Chancellor Richi Sunak has unveiled his Autumn Budget. This is going to be the Budget for “A STRONGER ECONOMY FOR THE BRITISH PEOPLE “, the chancellor announced.

The new budget has laid out the economic recovery plan for the UK in the still uncertain, ravaged by the pandemic period.

Stressing that how we move forward will depend still on the continuation of the vaccination programme, the government will wind down the emergency pandemic support and invest in public services, infrastructure and innovation skills, which will all drive the economic growth and lead to the greener, eco-friendly future.

With the efficient vaccination programme that has led to unexpected growth and stronger recovery in employment across the country, the post- Brexit, post-pandemic aim is to level up the regional inequalities and give opportunities to everyone equally in the UK, no matter where they live. With the inflation still inevitable to rise (it currently sets at about 4%) many criticize the budget for taking away the £20 a week Universal Tax Credit uplift to the poorest introduced during the pandemic.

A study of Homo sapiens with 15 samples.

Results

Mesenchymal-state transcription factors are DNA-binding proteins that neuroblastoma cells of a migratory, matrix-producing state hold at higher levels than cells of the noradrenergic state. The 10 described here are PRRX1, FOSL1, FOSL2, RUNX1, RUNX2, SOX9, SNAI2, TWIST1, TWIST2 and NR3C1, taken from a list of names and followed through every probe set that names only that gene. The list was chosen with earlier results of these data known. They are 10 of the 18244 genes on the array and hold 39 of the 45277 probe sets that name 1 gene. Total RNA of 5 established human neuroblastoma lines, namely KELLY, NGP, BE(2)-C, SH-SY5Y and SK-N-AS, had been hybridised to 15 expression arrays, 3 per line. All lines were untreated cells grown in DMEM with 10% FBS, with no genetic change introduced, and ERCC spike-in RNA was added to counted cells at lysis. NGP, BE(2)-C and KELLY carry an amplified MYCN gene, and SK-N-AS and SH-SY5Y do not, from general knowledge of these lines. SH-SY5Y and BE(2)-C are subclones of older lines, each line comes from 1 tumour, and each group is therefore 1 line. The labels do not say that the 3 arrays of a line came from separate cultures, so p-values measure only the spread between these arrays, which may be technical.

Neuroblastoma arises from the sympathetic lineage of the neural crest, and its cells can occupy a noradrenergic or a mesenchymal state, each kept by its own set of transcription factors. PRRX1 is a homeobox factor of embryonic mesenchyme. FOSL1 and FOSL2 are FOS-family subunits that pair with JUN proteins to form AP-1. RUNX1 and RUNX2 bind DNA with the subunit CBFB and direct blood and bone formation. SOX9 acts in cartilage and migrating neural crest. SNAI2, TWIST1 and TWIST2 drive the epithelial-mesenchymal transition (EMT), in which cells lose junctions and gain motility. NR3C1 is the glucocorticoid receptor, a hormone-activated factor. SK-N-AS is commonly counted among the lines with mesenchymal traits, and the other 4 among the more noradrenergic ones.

On a positive note, millions of public sector workers will receive a pay rise next year, as the “temporary pause” in salary progression was introduced last November in response to the pandemic.

The shake-up of the alcohol duty and the cut to the business rates to support the high street are the only announcements for the small business.
As the times are uncertain, amid the rise of food and petrol prices and issues with the trade with Europe, it may seem not enough for many.